HBCU Radio Archival Survey
Historically Black Colleges/Universities (HBCU) radio stations have both participated in and documented the African American experience, including the Civil Rights era. About thirty radio stations in thirteen states and the District of Columbia have been identified. They are as diverse as HBCUs themselves: they are public/private, large/small, rural/urban, and range in geography from the Deep South to the Midwest, from the Eastern Seaboard to the Great Plains. Many of these stations have been in existence for decades, and their obsolete magnetic media are deteriorating; we stand to lose forever this primary source material reflecting the diversity of the Black experience over time.
Currently, there is no database or easily accessed, comprehensive information on any historical materials that these radio stations might hold. In order to create such a resource, a partnership has been formed between WYSO in Yellow Springs, Ohio, a public media outlet with experience developing and utilizing an historical audio archives, Central State University's WCSU in Wilberforce, Ohio, an HBCU radio station with the distinction of being the first licensed by the FCC, and the National Afro American Museum & Cultural Center (NAAMCC, also located in Wilberforce), which houses historical audio collections of regional and national importance. With the leadership of Neenah Ellis, General Manager of WYSO, Dr. Robert Franklin, General Manager of WCSU, and Dr. Charles Wash, director of the NAAMCC, an archival survey of these radio stations will be conducted over the summer of 2019. Jocelyn Robinson, an independent scholar and producer with experience working with historical radio collections will serve as project director, with WYSO lending administrative infrastructure, and both WCSU and NAAMCC providing technical input and support.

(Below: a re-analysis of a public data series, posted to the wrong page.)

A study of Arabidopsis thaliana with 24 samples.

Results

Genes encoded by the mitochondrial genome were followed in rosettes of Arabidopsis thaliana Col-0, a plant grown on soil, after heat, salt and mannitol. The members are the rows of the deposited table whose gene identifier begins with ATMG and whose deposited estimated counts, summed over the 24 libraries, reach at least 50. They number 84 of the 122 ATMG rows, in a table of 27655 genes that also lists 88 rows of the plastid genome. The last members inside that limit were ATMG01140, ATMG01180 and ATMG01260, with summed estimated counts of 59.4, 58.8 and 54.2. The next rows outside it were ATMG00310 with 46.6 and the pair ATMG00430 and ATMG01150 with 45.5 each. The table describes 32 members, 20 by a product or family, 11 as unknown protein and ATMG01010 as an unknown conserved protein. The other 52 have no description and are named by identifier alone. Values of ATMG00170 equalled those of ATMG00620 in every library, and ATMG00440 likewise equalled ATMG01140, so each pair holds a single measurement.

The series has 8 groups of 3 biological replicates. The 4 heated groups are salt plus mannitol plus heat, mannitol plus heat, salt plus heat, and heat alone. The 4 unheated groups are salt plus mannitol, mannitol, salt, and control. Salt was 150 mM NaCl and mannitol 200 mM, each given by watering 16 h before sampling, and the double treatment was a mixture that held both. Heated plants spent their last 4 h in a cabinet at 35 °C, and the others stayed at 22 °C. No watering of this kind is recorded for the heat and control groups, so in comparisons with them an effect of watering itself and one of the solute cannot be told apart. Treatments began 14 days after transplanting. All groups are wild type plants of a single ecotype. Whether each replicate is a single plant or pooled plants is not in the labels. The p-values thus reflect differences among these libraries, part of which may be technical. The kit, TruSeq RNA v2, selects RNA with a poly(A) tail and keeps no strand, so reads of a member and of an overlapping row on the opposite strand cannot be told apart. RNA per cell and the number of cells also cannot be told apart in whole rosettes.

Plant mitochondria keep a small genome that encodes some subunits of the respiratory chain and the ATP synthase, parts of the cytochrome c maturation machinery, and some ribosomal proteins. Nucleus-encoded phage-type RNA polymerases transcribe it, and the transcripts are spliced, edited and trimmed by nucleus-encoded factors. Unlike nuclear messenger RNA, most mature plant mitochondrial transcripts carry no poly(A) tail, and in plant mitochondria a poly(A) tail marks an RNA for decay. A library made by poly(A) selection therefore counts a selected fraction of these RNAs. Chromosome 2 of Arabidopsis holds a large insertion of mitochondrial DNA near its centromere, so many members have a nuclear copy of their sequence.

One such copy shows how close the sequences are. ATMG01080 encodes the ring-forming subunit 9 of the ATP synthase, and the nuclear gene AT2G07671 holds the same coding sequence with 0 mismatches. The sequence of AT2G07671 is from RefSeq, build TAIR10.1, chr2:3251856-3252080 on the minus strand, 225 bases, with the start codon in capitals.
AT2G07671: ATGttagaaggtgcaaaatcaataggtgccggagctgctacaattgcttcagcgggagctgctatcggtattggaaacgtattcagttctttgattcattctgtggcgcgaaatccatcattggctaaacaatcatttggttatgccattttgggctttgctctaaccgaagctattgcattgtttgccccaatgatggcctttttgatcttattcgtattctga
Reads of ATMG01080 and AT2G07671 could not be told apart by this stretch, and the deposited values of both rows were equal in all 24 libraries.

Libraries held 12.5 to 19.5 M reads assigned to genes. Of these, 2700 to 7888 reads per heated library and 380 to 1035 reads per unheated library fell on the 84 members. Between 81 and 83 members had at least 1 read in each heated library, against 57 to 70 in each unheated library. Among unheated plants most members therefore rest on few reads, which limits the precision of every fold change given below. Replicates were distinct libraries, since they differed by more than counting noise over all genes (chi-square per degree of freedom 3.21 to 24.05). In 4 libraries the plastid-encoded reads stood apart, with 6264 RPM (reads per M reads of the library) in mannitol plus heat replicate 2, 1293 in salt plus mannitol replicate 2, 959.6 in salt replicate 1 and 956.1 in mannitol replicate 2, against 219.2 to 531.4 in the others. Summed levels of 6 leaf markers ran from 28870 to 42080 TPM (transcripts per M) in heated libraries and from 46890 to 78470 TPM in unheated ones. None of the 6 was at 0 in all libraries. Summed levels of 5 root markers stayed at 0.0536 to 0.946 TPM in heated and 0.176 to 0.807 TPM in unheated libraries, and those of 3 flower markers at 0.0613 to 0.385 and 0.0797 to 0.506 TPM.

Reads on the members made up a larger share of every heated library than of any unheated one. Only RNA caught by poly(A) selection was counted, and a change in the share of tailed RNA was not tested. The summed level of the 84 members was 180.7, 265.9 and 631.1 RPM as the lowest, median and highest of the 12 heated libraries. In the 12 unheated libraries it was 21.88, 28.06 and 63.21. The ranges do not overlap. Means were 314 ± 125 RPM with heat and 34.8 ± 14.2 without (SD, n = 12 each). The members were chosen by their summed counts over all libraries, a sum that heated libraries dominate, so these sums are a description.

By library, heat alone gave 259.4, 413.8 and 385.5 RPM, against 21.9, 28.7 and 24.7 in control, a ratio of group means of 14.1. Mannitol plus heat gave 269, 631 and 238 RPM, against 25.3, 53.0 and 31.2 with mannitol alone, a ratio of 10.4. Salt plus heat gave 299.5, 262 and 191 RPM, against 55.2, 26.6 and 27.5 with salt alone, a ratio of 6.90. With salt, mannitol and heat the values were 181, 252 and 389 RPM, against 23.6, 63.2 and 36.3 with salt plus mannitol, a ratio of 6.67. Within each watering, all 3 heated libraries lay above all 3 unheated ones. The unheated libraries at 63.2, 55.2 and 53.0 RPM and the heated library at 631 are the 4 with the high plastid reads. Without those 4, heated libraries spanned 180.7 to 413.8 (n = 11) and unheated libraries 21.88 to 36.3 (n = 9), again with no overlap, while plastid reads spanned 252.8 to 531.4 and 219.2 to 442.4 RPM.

The resulting information will then be compiled into a report/database that will be accessible to the public through the Radio Preservation Task Force (RPTF), a project of the Recorded Sound Preservation Board at the Library of Congress, and the Association of Recorded Sound Collections (ARSC).
“Nearly a third of Historically Black Colleges and Universities (HBCU) have radio stations,” says Jocelyn Robinson, project director, “and many went on the air during the Civil Rights era, fifty or more years ago. Much of the material created at these stations during the struggle for equality and beyond is now at risk, as magnetic tape and other obsolete formats deteriorate. But we won’t know what needs preservation until we survey the content and conditions of the radio archives on HBCU campuses. What we discover could have enormous potential for podcasts, radio and film documentaries, and museum exhibitions, allowing students, researchers, media producers, and communities to remember, honor and be inspired by the voices of this important legacy.”